Bursa Malaysia recently unveiled its enhanced sustainability reporting requirements in the Main Market Listing Requirements (Main LR) and the ACE Market Listing Requirements (ACE LR) for publicly listed companies (PLCs). This move is a clear signal of the stock exchange operator’s intention to implement stringent requirements and enhance the country’s sustainability reporting framework to elevate listed companies’ sustainability practices and disclosures. The new rules present a challenge to Malaysian companies who are not in line with internationally recognised sustainability frameworks. ESC’s sustainability services can help these companies adapt to stay competitive in this new era of “ethical capitalism”.
Sustainability reporting to be standardised
Although Bursa Malaysia previously required PLCs to submit narrative statements of their sustainability activities beginning in 2016, there have been no strict regulations on international standards for PLCs to follow for Environmental, Social, and Governance (ESG) or sustainability-related reporting.
Therefore, sustainability reporting differs from one company to the next and often gives wooly notions of “Corporate Social Responsibility” (CSR). While most companies opt to reference either the GRI (Global Reporting Initiative) or TCFD (Task Force on Climate-related Financial Disclosures) standards, some companies choose to go “freestyle” and not reference any set of reporting guidelines at all. This lack of uniformity has made it difficult for investors to compare the sustainability efforts of Malaysian companies.
Under the new reporting framework, Malaysian PLCs will have a prescribed set of standards to report on in their annual sustainability report. These will be closely aligned with international ESG standards and cover financial, environmental, and social risks and opportunities. Significantly, Bursa plans to incorporate the TCFD model as a baseline standard for climate reporting in Malaysia. This means companies will need to demonstrate a commitment to accounting for climate-related risks and sustainable development to remain commercially viable. The new reporting requirements could come into effect as early as 2024.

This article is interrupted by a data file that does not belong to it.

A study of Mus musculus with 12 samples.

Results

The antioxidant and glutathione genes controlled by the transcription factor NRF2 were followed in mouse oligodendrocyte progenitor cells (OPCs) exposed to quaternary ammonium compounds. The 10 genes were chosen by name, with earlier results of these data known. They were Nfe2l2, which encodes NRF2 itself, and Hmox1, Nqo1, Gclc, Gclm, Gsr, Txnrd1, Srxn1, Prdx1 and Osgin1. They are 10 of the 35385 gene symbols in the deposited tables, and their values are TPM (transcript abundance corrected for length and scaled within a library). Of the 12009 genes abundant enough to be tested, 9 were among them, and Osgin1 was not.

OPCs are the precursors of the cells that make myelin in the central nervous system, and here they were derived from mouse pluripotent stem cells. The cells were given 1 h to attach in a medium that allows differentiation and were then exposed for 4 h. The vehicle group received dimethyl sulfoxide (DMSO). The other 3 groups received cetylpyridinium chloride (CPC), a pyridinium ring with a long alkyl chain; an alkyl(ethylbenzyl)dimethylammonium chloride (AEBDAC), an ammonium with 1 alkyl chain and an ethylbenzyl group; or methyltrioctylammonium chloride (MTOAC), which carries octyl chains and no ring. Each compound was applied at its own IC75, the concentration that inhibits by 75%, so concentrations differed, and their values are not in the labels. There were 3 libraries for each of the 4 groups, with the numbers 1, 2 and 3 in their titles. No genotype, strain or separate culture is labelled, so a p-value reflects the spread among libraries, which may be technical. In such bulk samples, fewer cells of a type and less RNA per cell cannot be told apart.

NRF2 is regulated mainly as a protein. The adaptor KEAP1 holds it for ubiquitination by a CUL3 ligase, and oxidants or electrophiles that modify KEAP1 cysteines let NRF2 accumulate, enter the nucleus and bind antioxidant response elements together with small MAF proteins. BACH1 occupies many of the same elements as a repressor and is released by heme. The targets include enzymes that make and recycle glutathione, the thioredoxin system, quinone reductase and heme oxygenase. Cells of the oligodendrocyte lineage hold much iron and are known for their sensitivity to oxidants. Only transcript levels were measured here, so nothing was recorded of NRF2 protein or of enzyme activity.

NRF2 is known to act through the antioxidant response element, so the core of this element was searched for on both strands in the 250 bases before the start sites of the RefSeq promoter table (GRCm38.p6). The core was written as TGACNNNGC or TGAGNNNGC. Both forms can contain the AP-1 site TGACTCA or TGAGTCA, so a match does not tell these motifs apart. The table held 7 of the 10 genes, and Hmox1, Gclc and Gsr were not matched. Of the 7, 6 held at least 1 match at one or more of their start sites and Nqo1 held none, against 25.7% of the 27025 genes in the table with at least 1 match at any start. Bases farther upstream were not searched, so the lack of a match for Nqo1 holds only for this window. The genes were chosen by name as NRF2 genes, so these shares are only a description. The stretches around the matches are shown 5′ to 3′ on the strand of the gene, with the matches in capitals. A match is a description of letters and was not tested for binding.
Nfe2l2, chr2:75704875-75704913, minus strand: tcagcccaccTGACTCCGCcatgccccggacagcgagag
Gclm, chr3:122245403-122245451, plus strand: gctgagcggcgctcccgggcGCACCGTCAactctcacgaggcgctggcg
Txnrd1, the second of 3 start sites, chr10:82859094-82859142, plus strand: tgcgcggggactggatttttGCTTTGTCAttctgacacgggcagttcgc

The growing importance of ESG in Malaysia
Bursa Malaysia’s announcement comes as the ISSB (International Sustainability Standards Board) moves to create an internationally recognised set of ESG standards for climate and sustainability reporting. When finalised, IFRS S1 (focussing on sustainability efforts) and IFRS S2 (focussing on climate) will form a set of globally standardised guidelines for companies to demonstrate their corporate responsibility.
In the current market, companies that align with ESG standards are seen as sustainable investments than those which don’t. Therefore, having a universally agreed upon set of reporting standards will help investors to make better investment decisions, ensuring that their investments remain sustainable, in line with Malaysia’s goal of becoming net zero by 2050. As such, Malaysian companies will need to adapt quickly to meet both international and national standards proposed by Bursa.
Developing your company’s sustainability strategy
As one of Asia’s leading sustainability consulting firms, ESC can help Malaysian PLCs to navigate the new reporting requirements set forth by both Bursa and ISSB. We offer a wide range of solutions for clients looking to strengthen their commitment to sustainability and reduce their carbon footprint. Our sustainability consultants have deep insights into various sustainability reporting frameworks, including GRI and TCFD standards.
As ESG issues become more crucial in investment practices, ESC can help companies develop sustainability strategies and roadmaps, calculate carbon footprints, transition to renewable energy, find opportunities in the circular economy, and assess sustainability risks in the supply chain.
ESC has helped companies in various industries across Asia to devise both medium and long term sustainability strategies. For instance, we supported an oil and gas company to conduct a Climate Change Risk Assessment (CCRA) for a new energy complex in Malaysia. We helped a multinational data centre company build a sustainability and decarbonisation strategy for its operations across Asia and conducted a study on renewable energy options in Malaysia for a high-end PCB manufacturer to achieve its renewable energy target.
So, while global market trends nudge industries towards more ethical business practices, ESC can help companies in Malaysia and across Asia to adapt to the changing times.
Interested to know more about how your company can demonstrate its commitment to sustainability and tackling climate change? Then contact us.